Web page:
Don’t forget from Sochi: Canadian speedskater Gilmore Junio, a real team player


Canadian speedskater Gilmore Junio had already finished with a Top-10 result in the men’s 500m at the Sochi Olympics, and was slated to compete again in the 1000m on Feb. 12.

Junio was one of the four Canadian skaters that had qualified at that distance, but notably absent from that group was Denny Morrison, a two-time world champ in the 1500m that was no slouch in the 1000m, either.

Morrison had failed to qualify in the 1000m when he fell in that event during the Canadian trials in December.

But in a gracious gesture, Junio gave his spot for the Sochi 1000m to Morrison, the first alternate for Canada at that distance.

He did it because he thought Morrison would give their country the best chance in the event, calling him “a consistent medal threat in the distance.”

When it came time for the race, Morrison would reward his teammate’s faith in him with a silver medal finish – just .04 of a second behind gold medal winner Stefan Groothuis of the Netherlands.

“I was breathing hard, I have lost my voice and I am so pleased for him,” Junio said immediately following the event per Reuters.

As for Morrison, he pushed for Junio to become Canada’s flagbearer for tonight’s Closing Ceremony, saying that he “embodies what it means to be a Canadian Olympian.”

Junio ultimately didn’t get the nod, which went instead to women’s bobsled gold medalists Kaillie Humphries and Heather Moyse.

But he could get something else.

Toronto-based design firm Jacknife Design is now trying to raise $7,000 CDN on Indiegogo that will go toward the creation of a special medal for Junio.

It would be comprised of three primary materials – maplewood to represent the people of Canada, silver to represent the 1000m medal Morrison won, and gold to represent the country’s gratitude toward Junio.

“Junio’s ability to put his own lifelong dream aside to give another athlete a shot, set an example for not only Canada but people all over the world,” Jacknife creative director Michael Richardson said to the CBC.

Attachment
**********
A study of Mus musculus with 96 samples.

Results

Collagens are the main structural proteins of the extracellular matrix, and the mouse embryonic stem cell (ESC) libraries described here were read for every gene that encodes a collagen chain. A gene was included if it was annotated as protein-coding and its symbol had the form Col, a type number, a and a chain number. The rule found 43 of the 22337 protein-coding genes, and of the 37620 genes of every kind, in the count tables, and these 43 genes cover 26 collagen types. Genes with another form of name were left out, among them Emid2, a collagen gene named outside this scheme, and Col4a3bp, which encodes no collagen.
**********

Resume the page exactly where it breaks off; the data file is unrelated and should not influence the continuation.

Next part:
“The way he put the pride of the country ahead of his own personal aspirations made my head spin and left me truly inspired. We had to do something to recognize this true Canadian hero.”

Let’s hope Canadians can give one of their own the recognition he deserves.

Boglarka Kapas, world champion swimmer, tests positive for coronavirus

Boglarka Kapas

“I don’t have any symptoms yet, and that’s why it’s important for you to know that even if you feel healthy you can spread the virus,” was posted on her social media. “Please be careful, stay at home and stay healthy.”

Nine total members of the Hungarian national team — including swimmers and staff — have tested positive, according to the federation.

Kapas said her first test was negative but a second test showed she had the virus. She was staying in quarantine at home for two weeks.

Kapas, 26, won the 200m fly at last summer’s world championships by passing Americans Hali Flickinger and Katie Drabot in the last 25 meters. She clocked 2:06.78 to prevail by .17 of a second.

Kapas also took bronze in the Rio Olympic 800m freestyle won by Katie Ledecky.

The Associated Press contributed to this report.

NHL players: Marie-Philip Poulin is world’s best female hockey player


Poulin received the most votes out of 496 responses in the 2019-20 NHLPA Player Poll, conducted before the season was suspended. The tally:

Poulin: 39.92%
Hilary Knight (USA): 36.29%
Kendall Coyne Schofield (USA): 15.52%
Emily Pfalzer Matheson (USA): 1.41%
Other: 6.85%

Last year, Knight received the highest percentage of votes from 203 NHL players (27.59), edging Poulin (24.14) with Amanda Kessel third (12.81) and Coyne Schofield and Pfalzer Matheson each receiving 5.91 percent.

Why were Poulin and Knight swapped this year? Perhaps Poulin’s Canadian team winning the debut of the NHL All-Star Skills Competition women’s 3-on-3 game on Jan. 24, even though Knight scored and Poulin did not.

Poulin, now 29, scored both goals in the 2010 Olympic final and the game-tying and -winning goals in the 2014 Olympic final. Even before her Olympic debut at age 18, the daughter of Quebec hospital workers was dubbed “the female Sidney Crosby.”

Knight, 30, led last April’s world championship tournament with seven goals as the U.S. won a fifth straight title. Poulin played 4 minutes, 44 seconds, total at the tournament, missing time with a knee injury.

This spring’s tournament, which was to start Tuesday, was canceled due to the coronavirus pandemic.